Introduction to early childhood education in Aotearoa including curriculum, pedagogy and assessment for diverse children, families, and communities and the integration and implementation of quality curriculum.
EDUC 474 Early Childhood Curriculum 1
- Historical, political and cultural
provision of early childhood education and care (ECEC) in Aotearoa.
- History of ideas concerning childhood, childrearing, institutional care of infants and young children outside the family home
- Influence of the social, political and cultural context on development of ECEC services
- The impact of research in shaping understandings about and institutions for young children
- Histories and contexts for the development of ECEC curriculum approaches
- Te Whāriki and
- Philosophy - image of the child, image of the teacher, bi-cultural underpinnings
- Theoretical perspectives: play-based, sociocultural, social-situated, bi-cultural
- The structure and implementation of the curriculum
- Complex integrated curriculum and implications for professional practice
- Curriculum and pedagogical content knowledge
- Sociocultural and narrative assessment
in early childhood
- Planning and evaluating teaching, assessment for learning
- Collaborative decision making
- Ethics and reflexive praxis
|Paper title||Early Childhood Curriculum 1|
|Teaching period||1st Non standard period (27 January 2020 - 19 June 2020)|
|Domestic Tuition Fees (NZD)||$1,713.25|
|International Tuition Fees (NZD)||$6,991.50|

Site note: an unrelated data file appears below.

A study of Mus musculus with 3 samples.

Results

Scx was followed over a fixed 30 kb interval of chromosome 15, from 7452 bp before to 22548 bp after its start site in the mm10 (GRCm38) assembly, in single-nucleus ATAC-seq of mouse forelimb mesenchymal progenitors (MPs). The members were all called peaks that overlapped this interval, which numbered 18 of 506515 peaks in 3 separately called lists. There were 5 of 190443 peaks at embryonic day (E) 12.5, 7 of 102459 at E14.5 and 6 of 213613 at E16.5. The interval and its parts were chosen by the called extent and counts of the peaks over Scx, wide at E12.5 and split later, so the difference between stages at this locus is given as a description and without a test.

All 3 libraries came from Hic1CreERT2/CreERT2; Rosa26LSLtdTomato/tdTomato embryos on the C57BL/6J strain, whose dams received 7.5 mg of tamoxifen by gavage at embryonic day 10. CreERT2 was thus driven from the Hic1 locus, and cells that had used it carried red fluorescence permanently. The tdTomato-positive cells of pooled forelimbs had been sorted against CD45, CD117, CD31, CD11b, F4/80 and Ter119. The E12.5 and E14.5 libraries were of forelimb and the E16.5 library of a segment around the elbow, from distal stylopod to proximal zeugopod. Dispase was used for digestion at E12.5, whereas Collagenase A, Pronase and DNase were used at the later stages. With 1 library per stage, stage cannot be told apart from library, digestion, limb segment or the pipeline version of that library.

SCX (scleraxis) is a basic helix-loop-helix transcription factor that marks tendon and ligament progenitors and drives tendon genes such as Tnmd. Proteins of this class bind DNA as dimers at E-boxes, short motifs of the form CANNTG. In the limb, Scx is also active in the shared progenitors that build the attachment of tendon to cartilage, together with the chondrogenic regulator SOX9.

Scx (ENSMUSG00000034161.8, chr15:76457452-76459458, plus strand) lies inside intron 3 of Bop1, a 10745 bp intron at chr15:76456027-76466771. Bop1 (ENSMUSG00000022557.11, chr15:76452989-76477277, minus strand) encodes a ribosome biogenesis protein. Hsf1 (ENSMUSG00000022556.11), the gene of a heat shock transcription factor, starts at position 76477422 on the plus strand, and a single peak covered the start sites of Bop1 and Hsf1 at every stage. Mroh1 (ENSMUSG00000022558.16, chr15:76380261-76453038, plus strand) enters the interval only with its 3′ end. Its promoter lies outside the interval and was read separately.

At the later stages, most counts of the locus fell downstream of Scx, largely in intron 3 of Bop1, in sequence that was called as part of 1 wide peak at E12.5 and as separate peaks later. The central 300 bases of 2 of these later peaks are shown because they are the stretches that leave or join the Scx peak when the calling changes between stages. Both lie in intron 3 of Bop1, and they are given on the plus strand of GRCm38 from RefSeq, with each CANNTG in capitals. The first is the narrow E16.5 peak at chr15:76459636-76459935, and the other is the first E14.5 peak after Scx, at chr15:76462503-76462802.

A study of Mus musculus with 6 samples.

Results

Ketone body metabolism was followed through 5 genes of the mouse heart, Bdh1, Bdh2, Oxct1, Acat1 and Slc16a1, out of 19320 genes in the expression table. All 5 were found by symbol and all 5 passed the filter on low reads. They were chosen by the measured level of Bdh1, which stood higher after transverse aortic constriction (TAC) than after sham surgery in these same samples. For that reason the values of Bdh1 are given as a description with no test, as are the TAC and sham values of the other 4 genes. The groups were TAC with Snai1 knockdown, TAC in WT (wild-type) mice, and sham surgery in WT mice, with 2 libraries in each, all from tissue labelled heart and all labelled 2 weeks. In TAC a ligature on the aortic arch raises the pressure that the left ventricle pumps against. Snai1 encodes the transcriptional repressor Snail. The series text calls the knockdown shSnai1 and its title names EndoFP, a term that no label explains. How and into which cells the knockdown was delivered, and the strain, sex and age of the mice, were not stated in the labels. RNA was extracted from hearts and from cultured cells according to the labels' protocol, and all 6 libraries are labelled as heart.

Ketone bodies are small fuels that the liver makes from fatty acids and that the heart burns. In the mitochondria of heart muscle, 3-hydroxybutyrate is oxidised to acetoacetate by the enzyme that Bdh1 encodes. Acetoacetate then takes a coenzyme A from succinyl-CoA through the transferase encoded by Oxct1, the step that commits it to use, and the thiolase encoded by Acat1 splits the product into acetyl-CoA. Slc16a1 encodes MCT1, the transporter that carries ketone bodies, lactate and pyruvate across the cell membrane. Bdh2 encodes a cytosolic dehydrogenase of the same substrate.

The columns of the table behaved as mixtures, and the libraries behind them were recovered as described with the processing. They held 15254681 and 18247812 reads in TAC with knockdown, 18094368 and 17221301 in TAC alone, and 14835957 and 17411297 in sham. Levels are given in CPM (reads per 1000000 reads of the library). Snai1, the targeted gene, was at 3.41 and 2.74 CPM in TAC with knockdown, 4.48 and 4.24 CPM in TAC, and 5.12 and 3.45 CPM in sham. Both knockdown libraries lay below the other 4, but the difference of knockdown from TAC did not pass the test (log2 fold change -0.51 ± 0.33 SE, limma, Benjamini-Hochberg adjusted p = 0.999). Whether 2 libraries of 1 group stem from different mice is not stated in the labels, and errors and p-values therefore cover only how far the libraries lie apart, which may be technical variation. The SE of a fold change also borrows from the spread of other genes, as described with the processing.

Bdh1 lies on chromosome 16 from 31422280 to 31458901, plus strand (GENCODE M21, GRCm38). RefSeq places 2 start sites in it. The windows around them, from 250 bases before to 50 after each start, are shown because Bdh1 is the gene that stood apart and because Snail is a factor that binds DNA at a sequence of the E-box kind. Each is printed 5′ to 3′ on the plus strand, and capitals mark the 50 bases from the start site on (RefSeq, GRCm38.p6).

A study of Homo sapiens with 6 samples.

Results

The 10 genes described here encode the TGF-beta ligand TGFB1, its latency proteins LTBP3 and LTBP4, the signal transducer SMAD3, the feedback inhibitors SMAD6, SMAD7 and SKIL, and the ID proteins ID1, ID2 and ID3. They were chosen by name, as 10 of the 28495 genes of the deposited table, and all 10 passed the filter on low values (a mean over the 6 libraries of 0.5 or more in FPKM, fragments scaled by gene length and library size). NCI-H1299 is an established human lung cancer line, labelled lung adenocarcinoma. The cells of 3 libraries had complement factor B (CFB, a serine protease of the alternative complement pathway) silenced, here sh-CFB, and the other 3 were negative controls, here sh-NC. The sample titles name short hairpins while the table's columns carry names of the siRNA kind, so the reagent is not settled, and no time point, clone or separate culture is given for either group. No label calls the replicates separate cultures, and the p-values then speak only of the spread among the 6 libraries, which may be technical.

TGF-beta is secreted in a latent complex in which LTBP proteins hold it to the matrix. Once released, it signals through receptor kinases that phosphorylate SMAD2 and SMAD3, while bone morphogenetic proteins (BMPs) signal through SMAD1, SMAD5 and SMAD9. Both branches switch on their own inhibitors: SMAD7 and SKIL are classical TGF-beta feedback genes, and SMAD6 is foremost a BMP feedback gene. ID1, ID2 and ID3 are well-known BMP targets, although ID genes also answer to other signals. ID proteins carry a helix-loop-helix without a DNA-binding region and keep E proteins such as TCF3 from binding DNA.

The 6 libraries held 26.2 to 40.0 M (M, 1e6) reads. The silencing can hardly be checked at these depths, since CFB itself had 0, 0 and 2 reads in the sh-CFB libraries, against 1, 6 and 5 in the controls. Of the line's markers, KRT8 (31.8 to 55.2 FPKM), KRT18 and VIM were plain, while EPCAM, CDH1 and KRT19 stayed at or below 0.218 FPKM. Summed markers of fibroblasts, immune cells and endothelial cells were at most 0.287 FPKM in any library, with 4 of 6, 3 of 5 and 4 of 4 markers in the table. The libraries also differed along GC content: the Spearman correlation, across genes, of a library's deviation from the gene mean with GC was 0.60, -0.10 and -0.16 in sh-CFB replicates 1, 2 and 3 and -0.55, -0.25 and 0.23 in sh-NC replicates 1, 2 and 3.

- Limited to
- Available only for the Early Childhood Education endorsement
- Teaching staff
- Clark, B. & Grey, A. Ata Kitea te Pae - Scanning the Horizon, Auckland: Pearson
- May, H. (2013) The Discovery of Early Childhood (2nd edition), Auckland: Auckland University Press.
- Grey, A. & Clark, B, (2013), Nga hurihanga Ako Kohungahunga - Transformative Teaching Practices in Early Childhood Education, Auckland: Pearson
- New Zealand Ministry of Education. (2017). Te Whāriki: He whāriki mātauranga mō ngā mokopuna o Aotearoa: Early childhood curriculum. Wellington, New Zealand: Ministry of Education.
- Anning, A., Cullen J., & Fleer, M. (2009). Early childhood education: Society and culture (2nd ed.). London: Sage. (Available electronically from University library).
- Hemara, W. (2000). Māori pedagogies: A view from the literature. Wellington, New Zealand: New Zealand Council for Educational Research.
- Hill, L., Stremmel, A. & Fu, V. (2005). Teaching as inquiry: Rethinking Curriculum in early childhood education. United States of America: Pearson Education Inc.
- McLachlan, C., Fleer, M. & Edwards, S. (2013). Early childhood curriculum: Planning, assessment and implementation (2nd ed.). Melbourne, Australia: Cambridge University Press. (Available from Robertson Library Reserve).
- MacNaughton, G., & Williams, G. (2009). Techniques for teaching young children: Choices in theory and practice (3rd ed.). New South Wales, Australia: Pearson Education.
- Graduate Attributes Emphasised
- Lifelong learning, Critical thinking, Cultural understanding, Research.
View more information about Otago's graduate attributes.
- Learning Outcomes
By the end of this paper, students will be able to:
- Critically analyse the origins of the ideas and institutions underpinning the historical, political and cultural provision of early childhood care and education in Aotearoa;
- Examine and appraise the development of the idea of national curricula in international contexts including the implementation of Te Whāriki, its pedagogical implications and associated professional practices;
- Demonstrate an understanding of Te Whāriki as a bi-cultural curriculum for infants, toddlers, young children and their families;
- Explore sociocultural and narrative assessment for young children's learning; and,
- Demonstrate an understanding of professionalism in early childhood education.